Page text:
With journalists here and in UK busily studying the 76-page text released yesterday by the Supreme Court – explaining why it dismissed the appeal for damages lodged by the parents of Madeleine McCann – blog writers are already ahead of them, uncovering salient points that blow even further ill wind into this almost decade long mystery.
It should be explained that the Textusa blog is one that subscribes to the theory expounded in Gonçalo Amaral’s controversial book “Maddie: The Truth of the Lie”: the theory that three-year-old Madeleine died by accident in apartment 5a of Luz Ocean Club, in May of 2007 and that everything that has happened since has been part of a cover-up of “unseen proportions”
But Textusa’s convictions aside, what the blog has uncovered from page 68 of the Supreme Court ruling is potential dynamite.
In simple terms, it blows a hole in the McCanns’ legal argument that they have been absolved of any blame (or are, as the text suggests ‘inocentados’) in their daughter’s disappearance.
According to the couple’s appeal against Amaral’s victory last year (click here) not only are they completely innocent and have been absolved of any blame – due to the initial archiving of the case by the Portuguese authorities – they should have the right to benefit from the presumption of innocence.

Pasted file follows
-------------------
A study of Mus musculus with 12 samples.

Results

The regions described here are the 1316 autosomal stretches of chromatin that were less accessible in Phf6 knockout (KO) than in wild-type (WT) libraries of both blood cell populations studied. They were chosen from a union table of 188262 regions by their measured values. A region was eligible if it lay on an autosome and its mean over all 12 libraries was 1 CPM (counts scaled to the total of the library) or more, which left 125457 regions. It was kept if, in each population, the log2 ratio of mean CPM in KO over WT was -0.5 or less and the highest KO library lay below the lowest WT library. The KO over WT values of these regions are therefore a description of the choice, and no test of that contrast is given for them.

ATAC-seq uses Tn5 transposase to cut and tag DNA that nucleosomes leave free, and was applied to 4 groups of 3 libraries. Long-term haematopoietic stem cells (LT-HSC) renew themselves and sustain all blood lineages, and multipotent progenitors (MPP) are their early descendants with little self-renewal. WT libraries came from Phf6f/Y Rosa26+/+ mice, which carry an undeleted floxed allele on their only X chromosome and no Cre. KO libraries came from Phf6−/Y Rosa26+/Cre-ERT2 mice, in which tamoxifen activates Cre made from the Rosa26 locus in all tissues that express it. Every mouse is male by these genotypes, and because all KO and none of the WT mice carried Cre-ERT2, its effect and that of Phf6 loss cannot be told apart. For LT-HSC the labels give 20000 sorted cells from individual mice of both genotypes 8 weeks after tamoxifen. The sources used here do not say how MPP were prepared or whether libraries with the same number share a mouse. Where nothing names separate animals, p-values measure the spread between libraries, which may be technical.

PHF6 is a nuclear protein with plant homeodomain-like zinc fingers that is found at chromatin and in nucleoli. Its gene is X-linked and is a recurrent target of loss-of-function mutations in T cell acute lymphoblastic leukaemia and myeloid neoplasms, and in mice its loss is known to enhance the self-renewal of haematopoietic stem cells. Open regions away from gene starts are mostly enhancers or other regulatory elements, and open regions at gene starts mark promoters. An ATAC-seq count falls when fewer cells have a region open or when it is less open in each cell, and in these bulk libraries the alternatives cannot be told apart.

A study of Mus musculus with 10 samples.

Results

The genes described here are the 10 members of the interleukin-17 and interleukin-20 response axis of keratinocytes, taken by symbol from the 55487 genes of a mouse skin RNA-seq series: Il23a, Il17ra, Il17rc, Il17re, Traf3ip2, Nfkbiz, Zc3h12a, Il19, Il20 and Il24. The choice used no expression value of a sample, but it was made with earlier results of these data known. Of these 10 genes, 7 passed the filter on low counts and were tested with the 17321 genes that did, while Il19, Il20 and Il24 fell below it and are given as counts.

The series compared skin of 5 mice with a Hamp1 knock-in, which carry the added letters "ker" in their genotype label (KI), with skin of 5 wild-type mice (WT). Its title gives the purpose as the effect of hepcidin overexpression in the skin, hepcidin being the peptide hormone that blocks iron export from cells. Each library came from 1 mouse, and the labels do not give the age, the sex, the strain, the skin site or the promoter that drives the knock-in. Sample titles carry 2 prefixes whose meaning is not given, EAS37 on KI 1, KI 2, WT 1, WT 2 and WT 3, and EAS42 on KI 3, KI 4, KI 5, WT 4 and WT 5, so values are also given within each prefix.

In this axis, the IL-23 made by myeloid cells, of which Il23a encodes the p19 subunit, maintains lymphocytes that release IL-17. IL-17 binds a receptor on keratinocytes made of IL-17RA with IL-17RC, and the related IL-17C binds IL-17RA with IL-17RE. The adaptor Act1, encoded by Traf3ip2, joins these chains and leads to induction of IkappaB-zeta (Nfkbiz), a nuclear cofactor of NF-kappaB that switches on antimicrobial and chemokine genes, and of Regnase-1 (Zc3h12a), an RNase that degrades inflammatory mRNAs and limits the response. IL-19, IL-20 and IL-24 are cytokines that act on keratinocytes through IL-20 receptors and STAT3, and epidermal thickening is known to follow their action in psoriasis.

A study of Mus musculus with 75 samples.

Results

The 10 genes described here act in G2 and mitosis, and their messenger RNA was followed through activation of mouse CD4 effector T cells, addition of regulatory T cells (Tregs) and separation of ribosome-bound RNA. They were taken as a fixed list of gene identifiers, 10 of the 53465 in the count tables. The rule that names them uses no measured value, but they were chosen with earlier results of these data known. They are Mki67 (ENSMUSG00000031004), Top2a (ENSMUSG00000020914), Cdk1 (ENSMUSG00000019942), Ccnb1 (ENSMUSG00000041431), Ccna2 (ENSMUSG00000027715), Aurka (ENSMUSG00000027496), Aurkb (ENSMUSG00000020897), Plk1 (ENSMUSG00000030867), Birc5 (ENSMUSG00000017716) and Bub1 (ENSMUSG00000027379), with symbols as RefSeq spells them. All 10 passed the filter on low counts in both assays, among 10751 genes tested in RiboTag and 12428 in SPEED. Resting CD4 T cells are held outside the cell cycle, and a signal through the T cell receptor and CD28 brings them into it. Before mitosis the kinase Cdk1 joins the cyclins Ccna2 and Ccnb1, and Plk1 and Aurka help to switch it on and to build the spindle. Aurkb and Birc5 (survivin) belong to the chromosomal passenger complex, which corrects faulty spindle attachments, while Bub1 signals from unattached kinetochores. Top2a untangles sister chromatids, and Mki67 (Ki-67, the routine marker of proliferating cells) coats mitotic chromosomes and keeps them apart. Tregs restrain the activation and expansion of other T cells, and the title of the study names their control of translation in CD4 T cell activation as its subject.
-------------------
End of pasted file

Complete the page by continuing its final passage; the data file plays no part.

However, the Supreme Court judges have said that archiving per se should not be confused with being considered innocent.
In fact, archiving can always be undone, the judges explain, in the event that “new elements of proof” come to light.
Says Textusa: “Very clearly and very explicitly the court is saying that the McCanns have NOT been cleared.
“Note, it has not said the McCanns were guilty. It is just saying that they have not been considered by the Portuguese Justice System as innocent.
“We do believe that this is historic and rebates definitely all those saying that the couple was cleared by the Portuguese justice”, adds the blog.
As the 10th anniversary of Madeleine McCann’s disappearance approaches, and media outlets are described as bidding hundreds of thousands to get an interview with the missing girl’s parents, this tortuously-worded judgement coming from Portugal’s highest court is certain to set tongues wagging for weeks to come.
For now, it is only in Portuguese – but campaigning blogsite Projecto Justiça Gonçalo Amaral (click here – which has been supporting former PJ coordinator Amaral throughout this eight-year legal battle – is due to release a translation in English within the next few days.